Statcounter

31 Jul 2014

Welfare reform in the air in Norway

Norway’s new government minister in charge of labour and welfare issues is poised to put some new demands on those collecting welfare benefits. Robert Eriksson thinks young passive welfare recipients must “be activated” by being required, for example, to perform tasks from shovelling snow to picking up litter in order to qualify.

“The most important way of securing the sustainability of the welfare state is to put more people to work,” Eriksson told newspaper VG this week, after unveiling efforts to make changes in the way Norway’s social welfare agency NAV distributes benefits. Passivity is the worst enemy of the unemployed and welfare recipients, Eriksson believes, so he wants NAV to activate them with such things as performing public service tasks.

Activity can also include educational programs that welfare recipients would be required to attend in order to qualify for benefits. Eriksson also wants to limit exports of social welfare benefits to Norwegian residents living abroad, for example by reducing payments in accordance with the cost of living where the recipient lives. Eriksson also intends to beef up probes of suspected welfare fraud.

Eriksson has been studying the NAV system since taking office last fall and met with dozens of NAV users and employees face-to-face last spring, in order to gather information and ideas. A commission set up to go through all facets of the NAV system is due to begin work this autumn. Newspaper Aftenposten editorialized in support of his proposals on Wednesday: “It’s worth a try to find new ways of warding off long-term unemployment and the prospect of falling outside of society.” For some youth, the paper noted, it can be necessary to prod them into getting up and out in the morning, and they also shouldn’t be paid as much in benefits as they’d get in a low-paid job. Cutting benefits, the paper reasoned, can make them more motivated to work instead of just collecting welfare.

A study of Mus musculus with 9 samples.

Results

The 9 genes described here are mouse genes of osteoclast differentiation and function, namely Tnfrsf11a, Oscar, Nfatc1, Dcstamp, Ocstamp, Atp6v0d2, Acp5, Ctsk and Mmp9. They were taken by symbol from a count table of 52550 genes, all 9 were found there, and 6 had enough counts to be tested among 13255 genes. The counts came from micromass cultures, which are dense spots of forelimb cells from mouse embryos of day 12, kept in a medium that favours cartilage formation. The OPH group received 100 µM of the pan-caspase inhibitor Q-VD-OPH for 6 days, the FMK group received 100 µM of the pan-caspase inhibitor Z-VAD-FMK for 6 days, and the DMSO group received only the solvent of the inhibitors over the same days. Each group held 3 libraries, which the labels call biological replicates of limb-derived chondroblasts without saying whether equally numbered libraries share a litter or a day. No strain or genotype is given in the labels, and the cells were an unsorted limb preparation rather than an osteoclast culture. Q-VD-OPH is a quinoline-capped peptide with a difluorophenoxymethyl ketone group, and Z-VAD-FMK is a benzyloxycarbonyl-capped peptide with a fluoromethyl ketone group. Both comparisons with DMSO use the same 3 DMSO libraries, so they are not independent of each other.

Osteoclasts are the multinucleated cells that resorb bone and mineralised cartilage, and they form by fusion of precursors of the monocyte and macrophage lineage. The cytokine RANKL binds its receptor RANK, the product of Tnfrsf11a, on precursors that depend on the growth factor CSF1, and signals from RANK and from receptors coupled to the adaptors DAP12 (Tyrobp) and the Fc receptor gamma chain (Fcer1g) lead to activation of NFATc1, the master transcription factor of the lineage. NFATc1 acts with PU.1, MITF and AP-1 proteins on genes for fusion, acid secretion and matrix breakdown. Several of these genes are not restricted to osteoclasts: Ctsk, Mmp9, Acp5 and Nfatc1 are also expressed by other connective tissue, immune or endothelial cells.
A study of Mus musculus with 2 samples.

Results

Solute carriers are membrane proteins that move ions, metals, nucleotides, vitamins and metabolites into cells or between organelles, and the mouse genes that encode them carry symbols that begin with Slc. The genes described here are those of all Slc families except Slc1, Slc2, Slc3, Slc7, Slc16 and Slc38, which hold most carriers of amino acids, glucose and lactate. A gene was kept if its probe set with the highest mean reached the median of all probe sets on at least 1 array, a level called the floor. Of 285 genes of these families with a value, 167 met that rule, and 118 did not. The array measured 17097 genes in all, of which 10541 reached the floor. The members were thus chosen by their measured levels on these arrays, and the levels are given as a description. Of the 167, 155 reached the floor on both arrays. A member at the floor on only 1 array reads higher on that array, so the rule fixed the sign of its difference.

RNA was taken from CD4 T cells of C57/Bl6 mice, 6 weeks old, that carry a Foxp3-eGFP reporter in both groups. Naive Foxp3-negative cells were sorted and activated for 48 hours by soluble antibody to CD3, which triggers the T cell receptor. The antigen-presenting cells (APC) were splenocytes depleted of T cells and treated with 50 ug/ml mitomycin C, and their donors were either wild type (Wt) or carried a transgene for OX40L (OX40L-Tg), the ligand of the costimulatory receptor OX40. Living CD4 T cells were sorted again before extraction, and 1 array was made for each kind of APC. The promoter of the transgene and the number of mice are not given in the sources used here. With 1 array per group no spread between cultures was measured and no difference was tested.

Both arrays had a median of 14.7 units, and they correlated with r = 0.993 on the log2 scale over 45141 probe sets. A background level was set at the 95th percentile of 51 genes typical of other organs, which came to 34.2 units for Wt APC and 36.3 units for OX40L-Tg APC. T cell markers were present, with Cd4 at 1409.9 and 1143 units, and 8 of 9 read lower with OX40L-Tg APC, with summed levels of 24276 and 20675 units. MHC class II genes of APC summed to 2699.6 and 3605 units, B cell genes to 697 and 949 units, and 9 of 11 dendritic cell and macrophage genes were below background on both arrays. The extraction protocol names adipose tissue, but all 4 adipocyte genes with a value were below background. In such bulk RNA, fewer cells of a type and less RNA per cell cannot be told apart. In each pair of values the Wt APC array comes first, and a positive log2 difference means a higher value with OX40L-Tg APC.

Eriksson, of the conservative Progress Party, faces predictable skepticism and criticism from opposition parties in Parliament. Johnny Ingebrigtsen of the Socialist Left (SV) thinks the government should concentrate on welfare fraud instead: “We know that there are people who cheat the system. There are people collecting benefits who have the health and resources to work but who don’t. We need to smoke them out. Swindlers undermine the entire welfare system and respect for it.”

SV firmly opposes Eriksson’s plans to activate all welfare recipients. “Those who exploit the system mustn’t be confused with those who are struggling and who need to be taken care of,” Ingebriftsen said.

Eriksson maintains that the NAV system is overdue for modernization. “The challenge is that we will have around 1 million more people living in Norway by 2030,” he said. “That means among other things that the number of people working compared to those on pensions will sink to 2.9. There will be more youth who don’t complete high school along with tougher competition for jobs. So we must be more active before we can be passive.”

Eriksson also worries that welfare recipients tend to inherit the practice from their parents. Ingebrigtsen rejects that idea: “Studies show that there aren’t many recipients who’ve inherited a life on welfare,” he said. “There aren’t so many who are simply lazy.”